At State House Square, one of downtown Hartford’s major Class A office properties, David Jakubowski keeps a close eye on parking garage traffic reports, eager to see concrete signs of greater employee activity as COVID-19 vaccination rates rise.
Hartford Business Journal polled a half-dozen large companies that collectively employ thousands of workers in the Capital City, asking them about their current remote work situations and plans to bring more workers back to the office in the months ahead.
Working from home is more common than ever, thanks to the COVID-19 pandemic. While it offers many advantages, it can pose some challenges when it comes to hiring, especially since it's highly likely you'll never meet the employee in person.
Tax and accounting professionals have joined most other businesses nationwide in adopting a host of different new practices to survive the pandemic, from hand sanitizer and masks to entirely new ways of interacting with clients.
Creating a brand, for yourself or for your firm, can help you stand out among competitors and position you as an expert to be trusted. It can also help clients find you and recognize that you are the right professional to help them.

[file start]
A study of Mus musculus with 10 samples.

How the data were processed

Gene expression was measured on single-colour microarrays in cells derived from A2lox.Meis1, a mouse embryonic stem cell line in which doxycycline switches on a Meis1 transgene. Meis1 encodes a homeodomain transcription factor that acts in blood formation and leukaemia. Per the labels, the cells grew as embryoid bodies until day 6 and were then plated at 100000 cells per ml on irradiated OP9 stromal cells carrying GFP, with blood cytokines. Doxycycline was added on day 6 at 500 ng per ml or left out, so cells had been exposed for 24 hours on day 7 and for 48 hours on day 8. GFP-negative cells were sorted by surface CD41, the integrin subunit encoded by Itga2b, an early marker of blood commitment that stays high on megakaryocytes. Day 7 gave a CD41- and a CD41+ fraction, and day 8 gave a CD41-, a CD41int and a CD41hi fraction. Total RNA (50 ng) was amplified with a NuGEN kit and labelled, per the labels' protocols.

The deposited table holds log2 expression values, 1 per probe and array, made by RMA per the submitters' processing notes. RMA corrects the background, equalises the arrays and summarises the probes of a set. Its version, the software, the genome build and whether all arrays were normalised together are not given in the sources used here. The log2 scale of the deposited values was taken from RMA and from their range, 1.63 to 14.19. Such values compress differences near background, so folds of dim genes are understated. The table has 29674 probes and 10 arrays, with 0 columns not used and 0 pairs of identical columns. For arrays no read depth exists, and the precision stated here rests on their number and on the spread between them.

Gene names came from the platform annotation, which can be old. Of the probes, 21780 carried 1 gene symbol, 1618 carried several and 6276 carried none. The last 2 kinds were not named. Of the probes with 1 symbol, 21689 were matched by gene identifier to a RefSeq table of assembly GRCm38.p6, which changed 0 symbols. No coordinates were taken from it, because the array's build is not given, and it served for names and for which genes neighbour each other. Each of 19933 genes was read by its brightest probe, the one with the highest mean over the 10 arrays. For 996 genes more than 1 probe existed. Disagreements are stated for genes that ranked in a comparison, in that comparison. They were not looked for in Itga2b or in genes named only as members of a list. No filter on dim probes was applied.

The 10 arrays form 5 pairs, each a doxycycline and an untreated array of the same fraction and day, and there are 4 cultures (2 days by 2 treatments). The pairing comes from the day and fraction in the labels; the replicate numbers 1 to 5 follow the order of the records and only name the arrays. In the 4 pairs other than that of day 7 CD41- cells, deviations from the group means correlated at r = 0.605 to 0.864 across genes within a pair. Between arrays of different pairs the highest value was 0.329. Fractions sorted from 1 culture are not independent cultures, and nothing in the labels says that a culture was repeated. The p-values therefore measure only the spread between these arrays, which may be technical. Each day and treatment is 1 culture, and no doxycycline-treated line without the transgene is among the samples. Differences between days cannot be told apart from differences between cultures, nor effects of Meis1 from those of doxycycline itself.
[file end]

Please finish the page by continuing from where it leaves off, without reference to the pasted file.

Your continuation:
This reopening offers us a tremendous opportunity to take the best of the new ways of operating from this pandemic and blend them with traditional methods. But I’ve been listening to a lot of firm leaders talking about their post-pandemic wishes in recent weeks, and I’m afraid that some are getting ready to make a series of reopening mistakes that could cost them dearly.
For the past seven months, the American Institute of CPAs (AICPA), the National Association of State Boards of Accountancy (NASBA), and a group of more than 40 volunteer subject-matter experts have worked to develop a model accounting curriculum for students pursuing the CPA credential.
It's no secret accounting leaders are getting older, and younger professionals are frequently bypassing small firms in favor of joining larger ones. For smaller firms to be future ready, they need to bridge the generational gap and ensure they are developing new talent.